Approximately a third of Americans say that they are unlikely to receive the coronavirus vaccine due to perceived safety concerns, according to an Associated Press poll released Wednesday.
While 67% of Americans said that they either planned to receive the vaccine or had already done so, 17% said that they were unlikely to receive it and 15% said that they were definitely not going to receive it, the poll showed. Among those who expressed vaccine hesitancy, the majority cited concerns over possible side effects and doubts over whether it was really safe, and nearly 40% said that they did not believe that they needed a vaccine.
Vaccine hesitancy was highest among younger Americans, Republicans and Americans without college degrees, the poll showed. Similar polls have also shown greater vaccine hesitancy rates among Americans of color, especially black Americans.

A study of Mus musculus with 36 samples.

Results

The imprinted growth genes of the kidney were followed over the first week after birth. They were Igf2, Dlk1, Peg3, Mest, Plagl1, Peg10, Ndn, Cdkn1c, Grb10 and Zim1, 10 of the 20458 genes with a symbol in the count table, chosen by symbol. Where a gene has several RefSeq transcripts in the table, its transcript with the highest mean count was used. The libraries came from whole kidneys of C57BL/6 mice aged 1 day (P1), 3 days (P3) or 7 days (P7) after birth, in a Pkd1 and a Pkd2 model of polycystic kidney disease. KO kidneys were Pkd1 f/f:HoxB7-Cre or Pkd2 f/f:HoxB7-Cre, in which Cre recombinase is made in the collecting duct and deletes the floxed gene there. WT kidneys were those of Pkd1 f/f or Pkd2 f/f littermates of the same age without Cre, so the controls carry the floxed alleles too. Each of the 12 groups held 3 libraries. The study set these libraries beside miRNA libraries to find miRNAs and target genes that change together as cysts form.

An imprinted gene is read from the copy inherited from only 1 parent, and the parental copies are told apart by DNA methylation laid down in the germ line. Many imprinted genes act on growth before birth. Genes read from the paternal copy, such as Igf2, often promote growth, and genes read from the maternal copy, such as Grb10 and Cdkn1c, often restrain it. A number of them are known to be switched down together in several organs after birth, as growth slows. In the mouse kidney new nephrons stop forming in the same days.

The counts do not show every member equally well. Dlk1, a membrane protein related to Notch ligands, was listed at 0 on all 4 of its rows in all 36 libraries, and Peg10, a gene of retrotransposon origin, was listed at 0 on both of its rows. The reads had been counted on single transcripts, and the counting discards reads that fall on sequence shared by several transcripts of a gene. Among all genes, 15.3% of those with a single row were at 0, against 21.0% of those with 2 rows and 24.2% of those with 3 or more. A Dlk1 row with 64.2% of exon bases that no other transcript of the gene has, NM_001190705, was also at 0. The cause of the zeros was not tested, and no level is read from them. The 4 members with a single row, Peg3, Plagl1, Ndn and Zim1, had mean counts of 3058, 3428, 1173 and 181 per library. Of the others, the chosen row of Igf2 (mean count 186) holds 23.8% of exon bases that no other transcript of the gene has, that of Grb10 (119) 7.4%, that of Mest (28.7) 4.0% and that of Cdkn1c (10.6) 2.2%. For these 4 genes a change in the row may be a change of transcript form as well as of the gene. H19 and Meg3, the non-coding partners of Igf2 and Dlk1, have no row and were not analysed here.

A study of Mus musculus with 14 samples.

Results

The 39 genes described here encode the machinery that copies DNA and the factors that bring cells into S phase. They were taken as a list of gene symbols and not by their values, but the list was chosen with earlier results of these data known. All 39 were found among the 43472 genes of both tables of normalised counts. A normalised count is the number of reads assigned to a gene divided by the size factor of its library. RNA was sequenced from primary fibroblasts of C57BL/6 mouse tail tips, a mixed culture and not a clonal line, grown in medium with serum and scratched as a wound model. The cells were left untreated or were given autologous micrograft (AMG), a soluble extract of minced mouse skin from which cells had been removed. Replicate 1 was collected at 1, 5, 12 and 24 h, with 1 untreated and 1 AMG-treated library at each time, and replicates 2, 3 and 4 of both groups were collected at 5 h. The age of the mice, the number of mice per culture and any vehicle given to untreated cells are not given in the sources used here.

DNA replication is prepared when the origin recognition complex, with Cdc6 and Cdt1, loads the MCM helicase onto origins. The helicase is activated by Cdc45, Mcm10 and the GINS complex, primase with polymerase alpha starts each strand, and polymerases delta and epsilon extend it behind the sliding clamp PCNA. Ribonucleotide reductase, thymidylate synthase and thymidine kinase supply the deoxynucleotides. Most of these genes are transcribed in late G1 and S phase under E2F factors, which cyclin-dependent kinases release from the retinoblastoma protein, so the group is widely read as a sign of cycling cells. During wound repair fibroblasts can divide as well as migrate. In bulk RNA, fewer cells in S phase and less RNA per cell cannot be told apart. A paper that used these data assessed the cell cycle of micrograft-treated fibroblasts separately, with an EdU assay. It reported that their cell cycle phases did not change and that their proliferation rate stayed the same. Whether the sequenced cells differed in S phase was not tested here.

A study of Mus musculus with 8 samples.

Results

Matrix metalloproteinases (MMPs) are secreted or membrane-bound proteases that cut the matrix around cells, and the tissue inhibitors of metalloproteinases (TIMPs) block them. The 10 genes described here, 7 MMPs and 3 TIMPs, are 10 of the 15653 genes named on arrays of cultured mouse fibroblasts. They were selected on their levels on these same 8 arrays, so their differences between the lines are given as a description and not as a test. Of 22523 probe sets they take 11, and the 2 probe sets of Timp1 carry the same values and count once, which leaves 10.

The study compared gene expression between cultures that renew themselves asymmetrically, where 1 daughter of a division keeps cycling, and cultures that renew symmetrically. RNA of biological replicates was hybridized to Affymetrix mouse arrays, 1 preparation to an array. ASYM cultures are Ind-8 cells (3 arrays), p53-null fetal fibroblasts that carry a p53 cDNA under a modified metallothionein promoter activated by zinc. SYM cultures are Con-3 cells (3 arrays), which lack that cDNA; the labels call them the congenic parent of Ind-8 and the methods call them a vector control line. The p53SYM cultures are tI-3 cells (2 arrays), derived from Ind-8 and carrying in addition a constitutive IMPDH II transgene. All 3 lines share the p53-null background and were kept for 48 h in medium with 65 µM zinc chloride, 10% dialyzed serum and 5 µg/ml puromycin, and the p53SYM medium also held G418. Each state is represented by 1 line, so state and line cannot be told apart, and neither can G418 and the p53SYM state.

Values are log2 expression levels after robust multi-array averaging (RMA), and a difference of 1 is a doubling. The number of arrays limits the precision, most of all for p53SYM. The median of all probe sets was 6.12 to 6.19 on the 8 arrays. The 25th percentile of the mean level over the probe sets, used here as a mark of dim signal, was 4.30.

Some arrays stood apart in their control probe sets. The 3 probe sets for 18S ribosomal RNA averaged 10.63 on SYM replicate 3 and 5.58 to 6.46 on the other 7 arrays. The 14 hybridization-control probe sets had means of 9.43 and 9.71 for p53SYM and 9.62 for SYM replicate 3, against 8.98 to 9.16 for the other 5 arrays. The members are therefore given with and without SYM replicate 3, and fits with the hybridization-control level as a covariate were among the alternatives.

The uncertainty from millions of Americans persists despite few reports of serious side effects or reactions to the vaccine and repeated assurance from top health experts that they are safe to receive. So far, over 43 million shots have been administered and 10% of Americans have received at least one dose, according to the Centers for Disease Control.
Dr. Anthony Fauci, the nation’s leading epidemiologist and a top advisor to President Joe Biden, said at least 70% of residents inside the U.S. need to be vaccinated to reach herd immunity and stop the spread of the coronavirus. If that goal is met, he predicted that the nation could return to normalcy by the “summer or early fall” of 2021.
But Fauci recently warned that the multiple new virus variants make it even more imperative that Americans get vaccinated as soon as possible.
“[The vaccine] covers not only the wild type and currently circulating virus, but also the variants,” he said on Monday.
Americans have so far relied on vaccines from Pfizer and Moderna, which were both over 90% effective in protecting from the virus and approved for emergency use by the FDA in December. Johnson & Johnson also filed for authorization for its one-dose vaccine last week, and if approved it could dramatically increase the country’s supply and further accelerate the rate at which Americans get vaccinated.